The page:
Sunday, March 28, 2010

Day 84: La gente

I mentioned yesterday what it is I respect so much in the Latin American culture... the customs, the language... the people.

La gente.
The people.

The people of Argentina is where I would like to start. I have met a lot of nice people in my days abroad. I have also met plenty of pin heads... but what I can say about Argentina is their generosity is overwhelming.

Por ejemplo: Molly and I had a grand adventure in attempt of climbing Tronador a week ago. The adventure ended with us never making it to the camping grounds on top of the mountain, but back at a hosteria on the bottom of the mountain.

The point of the story is not the adventure though, but the people. We arrived covered in dirt and mud dripping from our fingers and plastered to our shoes. They untied our shoes, taking them off our feet, the moment we walked inside. Instantly telling us they would clean them. My kicks have not been that clean since the day I bought them.

Next-- our extra `dry clothes´ were soaked. We had no shoes, no clothes. Nothing to wear for dinner. We were tired, cold, tired... and naked.

But without even asking, the people working the hosteria went and got us clothes. Their own clothes. Shoes, tops, pants, sweaters. They even said we could wear them until we left the next day at five. They took our wet clothes and hung them up to dry for us so they would be ready the next day.


My first host mom told me that the people of Bariloche are always wanting the chip in when and where they can to help make Bariloche great. Por ejemplo: many locals rent out their homes to tourists during peak season in Bariloche. The owner then serves as a land lord, finds somewhere else to stay (anywhere from one week to three months), while maintaining the house during the visitor´s duration.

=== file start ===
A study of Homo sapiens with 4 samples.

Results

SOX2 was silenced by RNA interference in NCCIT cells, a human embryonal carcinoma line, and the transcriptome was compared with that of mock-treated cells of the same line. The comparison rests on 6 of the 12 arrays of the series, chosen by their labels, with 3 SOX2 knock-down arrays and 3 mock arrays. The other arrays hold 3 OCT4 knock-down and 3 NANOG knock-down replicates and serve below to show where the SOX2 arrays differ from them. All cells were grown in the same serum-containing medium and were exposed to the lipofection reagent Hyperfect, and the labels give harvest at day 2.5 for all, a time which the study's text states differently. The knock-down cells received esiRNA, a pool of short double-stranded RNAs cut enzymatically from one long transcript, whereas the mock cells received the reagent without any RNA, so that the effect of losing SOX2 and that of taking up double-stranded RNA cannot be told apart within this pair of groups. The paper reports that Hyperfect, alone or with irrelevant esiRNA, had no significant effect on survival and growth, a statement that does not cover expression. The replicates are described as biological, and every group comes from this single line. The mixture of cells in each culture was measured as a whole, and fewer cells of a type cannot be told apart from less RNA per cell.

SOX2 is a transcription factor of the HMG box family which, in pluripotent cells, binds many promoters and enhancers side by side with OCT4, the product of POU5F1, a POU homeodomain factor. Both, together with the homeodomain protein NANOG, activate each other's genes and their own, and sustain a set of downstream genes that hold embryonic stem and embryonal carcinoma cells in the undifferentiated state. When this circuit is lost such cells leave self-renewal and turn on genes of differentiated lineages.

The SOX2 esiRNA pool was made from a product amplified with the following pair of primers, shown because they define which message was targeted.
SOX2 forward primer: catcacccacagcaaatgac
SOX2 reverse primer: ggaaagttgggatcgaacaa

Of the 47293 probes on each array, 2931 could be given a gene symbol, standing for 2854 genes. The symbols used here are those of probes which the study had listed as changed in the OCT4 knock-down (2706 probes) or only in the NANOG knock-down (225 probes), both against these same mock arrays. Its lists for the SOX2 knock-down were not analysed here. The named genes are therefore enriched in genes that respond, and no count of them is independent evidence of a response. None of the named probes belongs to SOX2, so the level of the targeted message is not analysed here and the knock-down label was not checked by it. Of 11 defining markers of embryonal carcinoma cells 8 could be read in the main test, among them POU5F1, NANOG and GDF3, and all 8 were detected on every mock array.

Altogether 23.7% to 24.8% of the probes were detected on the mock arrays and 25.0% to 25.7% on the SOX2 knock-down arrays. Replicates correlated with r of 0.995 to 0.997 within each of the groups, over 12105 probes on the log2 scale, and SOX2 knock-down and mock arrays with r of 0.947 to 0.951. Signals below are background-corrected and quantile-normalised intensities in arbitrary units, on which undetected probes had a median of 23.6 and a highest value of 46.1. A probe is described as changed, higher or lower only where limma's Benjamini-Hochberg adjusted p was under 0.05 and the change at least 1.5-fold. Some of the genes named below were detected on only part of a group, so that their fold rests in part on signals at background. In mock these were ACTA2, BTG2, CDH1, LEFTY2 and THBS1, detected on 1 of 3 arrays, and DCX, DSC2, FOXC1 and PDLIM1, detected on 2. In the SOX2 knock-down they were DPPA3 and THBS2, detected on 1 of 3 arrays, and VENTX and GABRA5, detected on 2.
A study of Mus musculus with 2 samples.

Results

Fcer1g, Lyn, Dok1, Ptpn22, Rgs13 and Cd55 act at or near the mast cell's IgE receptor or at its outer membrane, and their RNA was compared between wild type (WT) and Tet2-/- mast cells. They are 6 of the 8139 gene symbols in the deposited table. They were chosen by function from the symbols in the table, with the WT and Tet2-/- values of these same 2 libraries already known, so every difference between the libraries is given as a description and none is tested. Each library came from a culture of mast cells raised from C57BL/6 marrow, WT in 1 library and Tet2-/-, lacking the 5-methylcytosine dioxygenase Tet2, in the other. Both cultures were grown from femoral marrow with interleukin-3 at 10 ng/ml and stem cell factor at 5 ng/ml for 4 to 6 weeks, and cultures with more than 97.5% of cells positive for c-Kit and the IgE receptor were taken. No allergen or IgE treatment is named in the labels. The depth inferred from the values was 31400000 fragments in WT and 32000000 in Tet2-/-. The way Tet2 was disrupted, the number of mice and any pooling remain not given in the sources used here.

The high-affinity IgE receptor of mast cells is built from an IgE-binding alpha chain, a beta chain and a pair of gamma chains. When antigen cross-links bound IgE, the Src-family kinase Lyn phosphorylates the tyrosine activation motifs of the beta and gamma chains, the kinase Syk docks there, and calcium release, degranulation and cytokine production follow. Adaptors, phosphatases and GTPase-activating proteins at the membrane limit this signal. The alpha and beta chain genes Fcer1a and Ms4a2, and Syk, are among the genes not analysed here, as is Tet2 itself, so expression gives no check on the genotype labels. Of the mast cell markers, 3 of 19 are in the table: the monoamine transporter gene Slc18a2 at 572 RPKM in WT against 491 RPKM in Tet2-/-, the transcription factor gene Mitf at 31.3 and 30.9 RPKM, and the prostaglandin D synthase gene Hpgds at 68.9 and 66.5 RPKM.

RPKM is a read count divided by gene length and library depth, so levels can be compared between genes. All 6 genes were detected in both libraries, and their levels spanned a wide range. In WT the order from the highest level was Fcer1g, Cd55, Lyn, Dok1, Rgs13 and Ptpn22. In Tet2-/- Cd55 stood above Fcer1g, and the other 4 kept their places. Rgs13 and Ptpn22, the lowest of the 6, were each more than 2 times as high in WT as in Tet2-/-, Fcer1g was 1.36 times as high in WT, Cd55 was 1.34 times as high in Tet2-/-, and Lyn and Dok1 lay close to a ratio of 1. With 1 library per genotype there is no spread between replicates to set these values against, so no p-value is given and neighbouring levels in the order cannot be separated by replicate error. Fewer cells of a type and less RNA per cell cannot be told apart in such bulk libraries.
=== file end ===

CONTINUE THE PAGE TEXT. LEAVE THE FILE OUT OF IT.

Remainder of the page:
The people want to help however they can... another example is my host family, and so many host families in Bariloche. They open up their homes and lives to complete strangers for sometimes months at a time. Sure, they receive money, but they enjoy caring and providing for others. They have only the best interest in you merely five minutes after meeting you.

La gente.
The people.

I will miss the people of Bariloche. The people that have become my family and friends over the past three months. My host mom and dad. My profesoras... all women... who have all been my mom one day or another. Not to mention, all my friends, who have shaped me into something new.

Twelve weeks in... one to go...

1 comment:

  1. I love your blog Megan and I can't wait to see you when you come home.